You have no items in your
Welcome to Sensory Direct
In recent years advancing assistive technology for autism has had a significant impact for those on the autistic spectrum disorder. It has provided an alternative communication strategy and continues to make an ascending impact on quality of life, education access and development of social and relationship skills. It offers a range of communication options in academic areas, speech and language therapy, fine motor skills and visual support.
No matter where we are, we often find individuals on iPhones, iPads as a norm, this is assumed and seen as a socially acceptable activity universally. The increasing availability and affordability of hand-held devices such as mobiles, tablets and laptops are making it easier for everyone with special needs to access the resources they need, on-the-go!
Assistive Technology for autism is being aimed at helping children and adults on the autistic spectrum and those with additional needs by schools and parents/carers alike, but quite often technology is so well received by the children and adults with ASD that very quickly their competence skills overtake that of their parents & carers.
It’s increasingly becoming a vital teaching and calming tool, as it can offer visual support for improving understanding, particularly for visual learners.
During a recent showing of the popular BBC programme ‘6 Robots and Us’ a programme that explores the latest innovations in robotics, a ‘boy robot’ called Kaspar, was given to a young North London family who were seen to be struggling with their 4-year-old son Ethan who has autism. It formed part of a trial by The University of Hertfordshire’s Adaptive Systems Research Group who utilised research that stretched as far back as 1998, to help them develop the Kaspar doll.
While the impact of Kaspar dolls is still in its early stages, it’s thought that this type of assistive technology for autism is useful in a broad sense in being able to teach young children about human emotions and feelings. More specifically Kaspar has been able to help teach autistic children about body parts and appropriate physical interaction where his touch sensors are successful in helping distinguish gentle from harsh touch.
Many children with autism also have impaired social communication and social interaction skills, making it difficult for them to participate in different forms of social and collaborative play. Kaspar has been successful in helping engage, motivate and encourage children through question and imitation led interaction.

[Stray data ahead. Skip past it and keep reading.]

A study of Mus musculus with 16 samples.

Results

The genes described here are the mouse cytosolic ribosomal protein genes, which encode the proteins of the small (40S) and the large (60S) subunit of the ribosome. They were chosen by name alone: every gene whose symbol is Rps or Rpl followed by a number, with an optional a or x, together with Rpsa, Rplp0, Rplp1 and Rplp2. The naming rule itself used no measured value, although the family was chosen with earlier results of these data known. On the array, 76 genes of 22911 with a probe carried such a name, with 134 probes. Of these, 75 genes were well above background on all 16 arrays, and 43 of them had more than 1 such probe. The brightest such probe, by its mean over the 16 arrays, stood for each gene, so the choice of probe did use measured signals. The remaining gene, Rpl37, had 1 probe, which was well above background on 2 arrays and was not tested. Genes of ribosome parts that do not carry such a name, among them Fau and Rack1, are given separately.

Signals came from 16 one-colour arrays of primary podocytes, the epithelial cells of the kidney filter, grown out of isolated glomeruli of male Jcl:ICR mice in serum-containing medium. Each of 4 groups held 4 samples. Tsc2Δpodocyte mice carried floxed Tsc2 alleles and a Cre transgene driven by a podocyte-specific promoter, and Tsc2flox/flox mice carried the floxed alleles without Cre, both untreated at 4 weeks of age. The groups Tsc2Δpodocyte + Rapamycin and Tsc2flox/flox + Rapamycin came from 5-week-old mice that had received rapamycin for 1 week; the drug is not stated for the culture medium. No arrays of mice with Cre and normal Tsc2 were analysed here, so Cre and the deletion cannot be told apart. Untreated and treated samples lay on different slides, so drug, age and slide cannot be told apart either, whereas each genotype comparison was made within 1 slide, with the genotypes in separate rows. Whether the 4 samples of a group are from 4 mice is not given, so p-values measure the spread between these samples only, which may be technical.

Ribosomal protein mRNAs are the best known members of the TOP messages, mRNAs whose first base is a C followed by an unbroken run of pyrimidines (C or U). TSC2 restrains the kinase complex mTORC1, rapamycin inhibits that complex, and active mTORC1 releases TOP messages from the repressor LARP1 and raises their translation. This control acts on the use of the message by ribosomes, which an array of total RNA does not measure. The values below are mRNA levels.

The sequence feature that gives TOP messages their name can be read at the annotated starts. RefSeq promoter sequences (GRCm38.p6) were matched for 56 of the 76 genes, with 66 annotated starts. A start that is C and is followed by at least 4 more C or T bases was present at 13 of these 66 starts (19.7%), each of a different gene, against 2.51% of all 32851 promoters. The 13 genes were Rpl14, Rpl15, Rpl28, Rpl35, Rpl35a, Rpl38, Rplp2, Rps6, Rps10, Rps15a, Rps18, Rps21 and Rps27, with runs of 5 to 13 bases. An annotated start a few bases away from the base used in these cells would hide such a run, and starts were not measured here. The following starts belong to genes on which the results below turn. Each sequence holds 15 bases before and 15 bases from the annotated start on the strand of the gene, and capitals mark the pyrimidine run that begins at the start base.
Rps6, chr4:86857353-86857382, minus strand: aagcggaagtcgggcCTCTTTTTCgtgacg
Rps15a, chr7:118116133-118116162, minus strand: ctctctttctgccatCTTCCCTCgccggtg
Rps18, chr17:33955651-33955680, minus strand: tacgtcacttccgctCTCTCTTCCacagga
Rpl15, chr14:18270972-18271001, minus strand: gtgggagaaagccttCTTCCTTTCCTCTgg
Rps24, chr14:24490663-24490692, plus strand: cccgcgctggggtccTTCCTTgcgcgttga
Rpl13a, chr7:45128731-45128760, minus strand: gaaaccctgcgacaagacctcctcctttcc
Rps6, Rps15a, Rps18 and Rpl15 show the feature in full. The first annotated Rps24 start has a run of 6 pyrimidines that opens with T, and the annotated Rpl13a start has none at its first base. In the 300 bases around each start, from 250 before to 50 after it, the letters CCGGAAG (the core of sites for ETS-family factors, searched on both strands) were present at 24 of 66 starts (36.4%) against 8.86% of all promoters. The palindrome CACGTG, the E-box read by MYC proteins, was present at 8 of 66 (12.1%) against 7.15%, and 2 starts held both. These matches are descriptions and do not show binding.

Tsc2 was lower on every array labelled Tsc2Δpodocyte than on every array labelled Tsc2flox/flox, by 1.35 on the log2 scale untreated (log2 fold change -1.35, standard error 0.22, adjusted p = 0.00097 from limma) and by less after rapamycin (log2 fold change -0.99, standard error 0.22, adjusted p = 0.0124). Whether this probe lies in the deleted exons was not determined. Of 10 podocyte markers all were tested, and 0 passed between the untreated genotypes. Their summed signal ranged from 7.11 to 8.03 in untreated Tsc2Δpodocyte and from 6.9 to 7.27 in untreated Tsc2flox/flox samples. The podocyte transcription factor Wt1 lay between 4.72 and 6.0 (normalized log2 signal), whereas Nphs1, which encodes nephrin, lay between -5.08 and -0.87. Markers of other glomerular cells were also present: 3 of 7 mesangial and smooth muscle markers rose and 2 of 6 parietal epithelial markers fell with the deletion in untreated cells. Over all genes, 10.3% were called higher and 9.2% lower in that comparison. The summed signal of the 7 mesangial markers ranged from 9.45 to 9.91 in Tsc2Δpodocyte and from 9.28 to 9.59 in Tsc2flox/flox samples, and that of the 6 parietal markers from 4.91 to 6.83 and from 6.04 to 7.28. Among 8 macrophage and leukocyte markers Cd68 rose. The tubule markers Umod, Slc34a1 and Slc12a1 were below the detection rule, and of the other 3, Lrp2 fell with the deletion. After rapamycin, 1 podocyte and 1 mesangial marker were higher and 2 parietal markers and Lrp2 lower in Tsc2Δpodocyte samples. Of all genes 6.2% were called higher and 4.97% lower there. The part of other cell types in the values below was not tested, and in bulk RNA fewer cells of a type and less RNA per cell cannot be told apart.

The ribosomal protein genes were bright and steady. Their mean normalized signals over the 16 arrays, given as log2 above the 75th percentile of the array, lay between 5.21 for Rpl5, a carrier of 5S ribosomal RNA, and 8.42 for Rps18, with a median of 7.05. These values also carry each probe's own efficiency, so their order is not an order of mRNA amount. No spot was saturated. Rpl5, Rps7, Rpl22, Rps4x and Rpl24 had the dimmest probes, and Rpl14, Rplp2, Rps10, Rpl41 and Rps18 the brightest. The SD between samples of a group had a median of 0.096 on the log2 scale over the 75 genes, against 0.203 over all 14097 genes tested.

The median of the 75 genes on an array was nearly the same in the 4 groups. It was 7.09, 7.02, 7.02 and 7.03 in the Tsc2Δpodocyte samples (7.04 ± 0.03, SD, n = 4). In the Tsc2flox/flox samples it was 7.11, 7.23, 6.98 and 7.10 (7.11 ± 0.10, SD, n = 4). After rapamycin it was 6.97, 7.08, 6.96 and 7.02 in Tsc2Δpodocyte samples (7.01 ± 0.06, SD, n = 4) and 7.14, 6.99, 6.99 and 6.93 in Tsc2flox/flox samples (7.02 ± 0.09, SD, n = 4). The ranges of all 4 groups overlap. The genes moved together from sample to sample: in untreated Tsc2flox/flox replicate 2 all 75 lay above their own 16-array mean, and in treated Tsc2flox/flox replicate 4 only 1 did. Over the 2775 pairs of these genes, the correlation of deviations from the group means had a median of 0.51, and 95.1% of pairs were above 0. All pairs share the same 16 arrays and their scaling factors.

It’s been thought that pairs of children with autism have shown improved social behaviours in playing with each other after they played in pairs with the robot Kaspar, compared to how they were before.
Adolescents and adults too can engage assitive technology for autism, to empower their learning and life skills. Here’s a great tool from Autism Speaks, it’s a directory of apps that you can filter depending age and every stage of development.
This is an app aimed at helping teenagers- ages 13+ who are at high school or college level and who are on the autistic spectrum, learning difficulties associated with Down Syndrome, ADHD or traumatic brain injury. Smart Steps also offer those who need mental and/or emotional support at work, school, or out with friends. A supportive tool for those commencing a new job, college or institution.
For everyday problem solving, this app offers the user assistance in the form of ‘Decision Trees’ with improving
Pathways is an app will help you jumpstart communication goals for those 18+, with over 100 instructional video examples, lesson plans, interactive goals grid for tracking progress and addressing behavioural challenges. This app is perfect for learning with parents, teachers or therapists.
Assistive Technology for autism is becoming more and more specialised and adaptive than ever and it’s signalling a shift in the way we approach Augmentative and Alternative Communication (AAC). However, as we transition from low-tech systems such as books, boards and pictures to more high-tech systems using tablets and mobiles for use in special needs, it’s important to remember that one-size doesn’t fit all and it’s important to use resources that work well with each user, as an individual.